The latest Fairfax-Nielsen poll, released on Monday, shows Labor leading the Coalition in two-party preferred terms by 56 to 44 per cent.
Mr Abbott's personal approval rating dropped by 21 percentage points following the budget, which 53 per cent of respondents believe is bad for the country.
"I don't think anyone really expected that you would get a soft-option budget and obviously it's not a soft option budget from the Coalition," Mr Abbott told ABC radio.
"But it's the budget Australia needs at this time if we are going to get Labor's debt and deficit disaster under control.
"I think the last government which brought down a very tough budget – the Howard government in 1996 - took a big hit in the polls too.
"But in the end we weren't elected to take easy decisions but to take hard but necessary decisions and that's what we've done.
"In the end my job is not necessarily to win a popularity contest; my job is to run the country effectively."
Nielsen polling following the 1996 budget showed that 47 per cent of voters were satisfied with the budget compared with 29 per cent dissatisfied.
Mr Abbott said the government's most important pre-election promise was getting the budget back on track towards a surplus.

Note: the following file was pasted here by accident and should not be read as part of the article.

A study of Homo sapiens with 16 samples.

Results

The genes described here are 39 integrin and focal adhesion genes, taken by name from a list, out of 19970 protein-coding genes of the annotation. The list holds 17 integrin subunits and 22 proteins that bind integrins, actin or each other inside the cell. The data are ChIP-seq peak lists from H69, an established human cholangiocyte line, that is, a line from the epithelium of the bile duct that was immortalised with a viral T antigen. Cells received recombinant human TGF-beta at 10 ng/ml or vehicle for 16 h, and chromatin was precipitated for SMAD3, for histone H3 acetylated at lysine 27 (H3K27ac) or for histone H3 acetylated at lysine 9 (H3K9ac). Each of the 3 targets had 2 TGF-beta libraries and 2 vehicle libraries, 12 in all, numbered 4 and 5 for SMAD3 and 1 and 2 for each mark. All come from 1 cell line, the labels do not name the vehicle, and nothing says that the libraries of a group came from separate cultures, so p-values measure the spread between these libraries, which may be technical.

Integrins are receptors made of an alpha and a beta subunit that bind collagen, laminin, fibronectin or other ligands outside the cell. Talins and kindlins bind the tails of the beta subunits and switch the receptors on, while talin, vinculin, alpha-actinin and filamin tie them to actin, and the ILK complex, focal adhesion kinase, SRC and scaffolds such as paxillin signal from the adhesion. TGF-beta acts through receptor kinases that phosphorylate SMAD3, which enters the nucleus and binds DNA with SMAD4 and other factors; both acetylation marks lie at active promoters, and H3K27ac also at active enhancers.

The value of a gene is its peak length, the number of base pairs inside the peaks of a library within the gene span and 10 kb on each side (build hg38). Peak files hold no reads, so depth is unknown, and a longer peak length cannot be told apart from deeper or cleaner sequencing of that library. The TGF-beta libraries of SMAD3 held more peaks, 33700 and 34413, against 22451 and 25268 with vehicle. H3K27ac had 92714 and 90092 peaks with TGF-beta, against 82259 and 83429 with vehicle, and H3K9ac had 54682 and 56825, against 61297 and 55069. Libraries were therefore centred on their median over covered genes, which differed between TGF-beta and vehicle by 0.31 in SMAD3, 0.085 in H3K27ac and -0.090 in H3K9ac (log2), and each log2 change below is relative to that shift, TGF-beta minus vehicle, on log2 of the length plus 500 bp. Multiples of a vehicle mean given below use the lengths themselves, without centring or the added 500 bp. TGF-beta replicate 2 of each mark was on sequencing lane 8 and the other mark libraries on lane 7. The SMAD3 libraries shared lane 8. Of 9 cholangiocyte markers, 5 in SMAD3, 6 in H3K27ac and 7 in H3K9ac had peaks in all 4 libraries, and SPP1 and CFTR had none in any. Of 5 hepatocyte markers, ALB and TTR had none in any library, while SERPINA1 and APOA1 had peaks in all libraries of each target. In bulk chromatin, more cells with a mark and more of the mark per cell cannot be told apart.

"I think the public were on notice that we were going to have to make some very tough decisions," he said.
"We've made them. We're not making them for our own political benefit obviously. We're making them for the long-term economic benefit of the country and that's what I believe people elected us to do."
Although state and territory governments are furious about an $80 billion reduction in funding for schools and hospitals in the budget, Mr Abbott said: "There are no cuts to health or education.
"We never said we would honour the Rudd and Gillard government's pie-in-the sky promises in the out years."
NSW Premier Mike Baird said his state would lose 300 public hospital beds if the federal budget cuts went ahead.
"These funds go directly into frontline services, directly into the provision of hospital beds; across the country it's the equivalent of 1200 hospital beds, 300 beds here in NSW," he told ABC radio.
"We are determined to provide the critical health services we need here in NSW. But what we have seen handed to us from Canberra is a long-term trajectory that really puts that at threat - and that's not acceptable for anyone in NSW.
"It's not acceptable for Canberra to just allocate and cross-shift that towards the states without any form of engagement or consultation."
Victorian Liberal Premier Denis Napthine said the cuts would have an immediate impact. "We need to sit down and sort that out," he said.
South Australian Labor Premier Jay Weatherill said states and territories would cause the "maximum amount of political pain possible" if the government proceeds with the cuts.